Wild blueberries on rise in frozen fruit market

Posted June 02, 2010, at 12:06 a.m.

MACHIAS, Maine — When the wild blueberry industry last September launched a major three-year campaign to capture the frozen fruit market, the effort had two major hurdles.

Not only did industry leaders have to convince customers to pick up wild blueberries from the frozen food cases, but they had to persuade supermarkets to carry them.

Maine is the world’s largest producer of wild blueberries and although the berries were carried in New England supermarkets and some organic markets, nationally the freezer shelves were filled with cultivated blueberries.

But nine months into the campaign, the results are satisfyingly positive.

John Sauve of the Swardlick Marketing Group, which represents the Maine-based Wild Blueberry Association of North America, said Tuesday that all fruits used to be counted as part of the frozen dessert category.

“But now, thanks to our efforts, frozen fruit is being tracked separately,” he said. This enables the industry to keep a better eye on sales, but it can also use precise sales figures to show supermarket managers that frozen fruit is an important product to carry.

“One of our tasks is to make people care about the frozen fruit category, both within the industry and customers,” Sauve said. He said early indications that the campaign is working come from IRI Data, a national tracking system, that has reported that frozen fruit is on an upswing while many other categories within the grocery store, such as dairy, are in decline.

All of this, Sauve said, has translated into an increase in sales.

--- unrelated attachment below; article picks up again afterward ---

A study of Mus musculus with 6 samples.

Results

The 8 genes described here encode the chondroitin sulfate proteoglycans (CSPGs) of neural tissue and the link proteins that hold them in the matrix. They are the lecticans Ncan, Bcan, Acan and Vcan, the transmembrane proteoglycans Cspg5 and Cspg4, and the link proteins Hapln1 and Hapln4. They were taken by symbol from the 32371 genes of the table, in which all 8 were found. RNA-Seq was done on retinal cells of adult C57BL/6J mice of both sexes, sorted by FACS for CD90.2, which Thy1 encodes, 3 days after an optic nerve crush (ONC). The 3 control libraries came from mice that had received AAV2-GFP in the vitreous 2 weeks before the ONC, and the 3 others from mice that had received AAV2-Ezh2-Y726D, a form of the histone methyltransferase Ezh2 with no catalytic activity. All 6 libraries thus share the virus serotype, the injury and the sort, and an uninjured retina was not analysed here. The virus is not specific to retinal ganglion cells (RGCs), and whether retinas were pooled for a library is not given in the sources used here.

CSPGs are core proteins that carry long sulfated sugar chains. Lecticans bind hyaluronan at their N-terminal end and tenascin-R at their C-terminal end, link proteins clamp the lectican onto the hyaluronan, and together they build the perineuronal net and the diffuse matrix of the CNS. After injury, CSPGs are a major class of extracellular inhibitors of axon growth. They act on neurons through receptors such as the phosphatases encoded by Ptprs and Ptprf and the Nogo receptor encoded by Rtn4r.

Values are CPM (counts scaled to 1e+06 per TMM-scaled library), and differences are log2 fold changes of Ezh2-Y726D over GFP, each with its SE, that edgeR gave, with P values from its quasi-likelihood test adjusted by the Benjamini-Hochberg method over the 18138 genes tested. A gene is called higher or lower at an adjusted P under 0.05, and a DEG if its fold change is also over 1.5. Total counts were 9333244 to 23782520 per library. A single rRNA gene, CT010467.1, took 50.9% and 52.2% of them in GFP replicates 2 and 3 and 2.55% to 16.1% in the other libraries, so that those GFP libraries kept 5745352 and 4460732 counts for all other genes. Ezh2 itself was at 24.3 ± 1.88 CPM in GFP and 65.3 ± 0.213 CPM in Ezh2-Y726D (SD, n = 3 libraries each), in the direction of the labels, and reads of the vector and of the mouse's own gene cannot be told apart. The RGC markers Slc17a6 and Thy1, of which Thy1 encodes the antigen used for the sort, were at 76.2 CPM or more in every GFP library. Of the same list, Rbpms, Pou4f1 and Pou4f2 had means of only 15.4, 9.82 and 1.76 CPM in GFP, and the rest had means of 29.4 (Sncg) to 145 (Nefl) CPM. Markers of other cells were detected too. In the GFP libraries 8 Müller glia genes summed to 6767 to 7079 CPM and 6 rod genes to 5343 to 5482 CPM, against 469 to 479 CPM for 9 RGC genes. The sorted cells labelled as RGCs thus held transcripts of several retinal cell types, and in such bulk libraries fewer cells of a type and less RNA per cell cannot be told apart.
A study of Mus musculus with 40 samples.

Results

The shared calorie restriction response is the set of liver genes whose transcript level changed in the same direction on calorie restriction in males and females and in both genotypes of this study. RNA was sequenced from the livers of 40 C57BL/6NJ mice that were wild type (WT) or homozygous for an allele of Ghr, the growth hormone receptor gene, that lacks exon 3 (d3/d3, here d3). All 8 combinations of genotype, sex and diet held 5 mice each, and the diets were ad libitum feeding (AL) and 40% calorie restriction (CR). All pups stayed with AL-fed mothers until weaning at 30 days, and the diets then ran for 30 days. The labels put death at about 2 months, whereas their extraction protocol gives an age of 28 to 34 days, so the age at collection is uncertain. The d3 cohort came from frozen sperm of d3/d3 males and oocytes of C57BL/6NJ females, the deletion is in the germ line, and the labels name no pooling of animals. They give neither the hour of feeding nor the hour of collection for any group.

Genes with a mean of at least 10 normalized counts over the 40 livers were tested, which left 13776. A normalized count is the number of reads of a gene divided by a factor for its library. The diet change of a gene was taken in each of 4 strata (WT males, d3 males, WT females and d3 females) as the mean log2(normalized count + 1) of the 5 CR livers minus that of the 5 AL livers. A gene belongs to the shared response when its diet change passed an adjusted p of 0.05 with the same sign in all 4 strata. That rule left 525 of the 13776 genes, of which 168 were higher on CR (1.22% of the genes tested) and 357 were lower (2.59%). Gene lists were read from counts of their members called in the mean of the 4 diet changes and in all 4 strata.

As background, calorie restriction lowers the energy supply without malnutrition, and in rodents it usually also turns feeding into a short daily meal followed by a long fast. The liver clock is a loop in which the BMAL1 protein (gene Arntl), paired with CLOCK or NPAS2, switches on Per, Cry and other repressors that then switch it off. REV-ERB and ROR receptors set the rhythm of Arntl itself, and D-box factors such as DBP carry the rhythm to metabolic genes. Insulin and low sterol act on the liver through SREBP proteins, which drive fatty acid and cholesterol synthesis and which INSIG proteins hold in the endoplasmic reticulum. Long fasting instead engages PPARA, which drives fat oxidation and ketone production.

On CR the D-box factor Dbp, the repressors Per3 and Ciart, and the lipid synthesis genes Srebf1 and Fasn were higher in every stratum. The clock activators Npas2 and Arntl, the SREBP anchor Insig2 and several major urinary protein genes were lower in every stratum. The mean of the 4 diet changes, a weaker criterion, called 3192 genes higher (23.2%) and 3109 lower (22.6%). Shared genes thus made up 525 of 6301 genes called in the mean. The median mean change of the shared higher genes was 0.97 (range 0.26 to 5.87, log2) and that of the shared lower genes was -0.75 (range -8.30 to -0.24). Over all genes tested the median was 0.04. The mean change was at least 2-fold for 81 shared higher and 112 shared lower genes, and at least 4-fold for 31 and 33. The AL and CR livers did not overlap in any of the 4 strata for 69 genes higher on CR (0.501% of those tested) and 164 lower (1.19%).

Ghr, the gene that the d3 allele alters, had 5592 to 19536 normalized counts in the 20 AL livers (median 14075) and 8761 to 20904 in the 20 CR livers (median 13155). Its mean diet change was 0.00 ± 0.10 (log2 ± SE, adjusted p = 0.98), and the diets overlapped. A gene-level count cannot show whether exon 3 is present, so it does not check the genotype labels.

“We can’t share private data,” he said, “but we are privy to private company information, and it is very encouraging, both the wild blueberry sales in the marketplace and the overall penetration of wild blueberries into the national marketplace.”

In 2008, Maine harvested a bumper crop of 90 million pounds of wild blueberries.

But while the market was flooded with native and imported cultivated berries and the prices paid for all berries continued to drop, major marketing campaigns for wild blueberries focused on their health properties and targeted the ingredient industry.

Also, last fall for the first time ever, the wild blueberry industry challenged the cultivated berry industry with its new logo, a new direction and a three-year marketing plan.

Sauve said the hope is that by targeting the frozen fruit market, Maine’s producers could triple their market share.

Sauve estimated that the industry now sells 20 to 30 million pounds to the frozen fruit sector, about a third of what Maine produces.

“We can do 100 million pounds there,” he forecast.

Sauve said that 76 percent of consumers believe frozen fruit is healthy, yet only 25 percent actually have it in their home freezers.

“We have never gone after the frozen market like we are now,” he said.

He said the wild blueberry’s success has been built on its health properties, which include guarding against cell damage associated with cancer, heart disease, Alzheimer’s disease and the effects of aging.

Sauve said wild blueberries account for only 25 percent of the country’s blueberry market. The rest are cultivated. But cultivated berry prices have plummeted to pre-2006 levels and wild blueberry producers need to capitalize on their premium aspect, he said.

“Our campaign is energizing and reshaping how shoppers regard the frozen fruit aisle as a regularly visited, go-to resource, and how frozen fruit is both viewed and used at home,” Sauve said.

He said the campaign is all about getting the marketplace excited.

Key to the Wild Blueberry Association of North America’s campaign is educating consumers about the draw of frozen wild blueberries’ flavor, texture and convenience, coupled with highlighting the marked differences between wild and cultivated berries. Suave said wild blueberries are smaller than cultivated berries, have a more intense flavor, freeze superbly and retain their important nutritional benefits.

“This is not a category where people wake up in the morning and say, ‘Oh, I’ve got to run out and buy frozen fruit today,’ but we are taking the lead in changing that,” he said.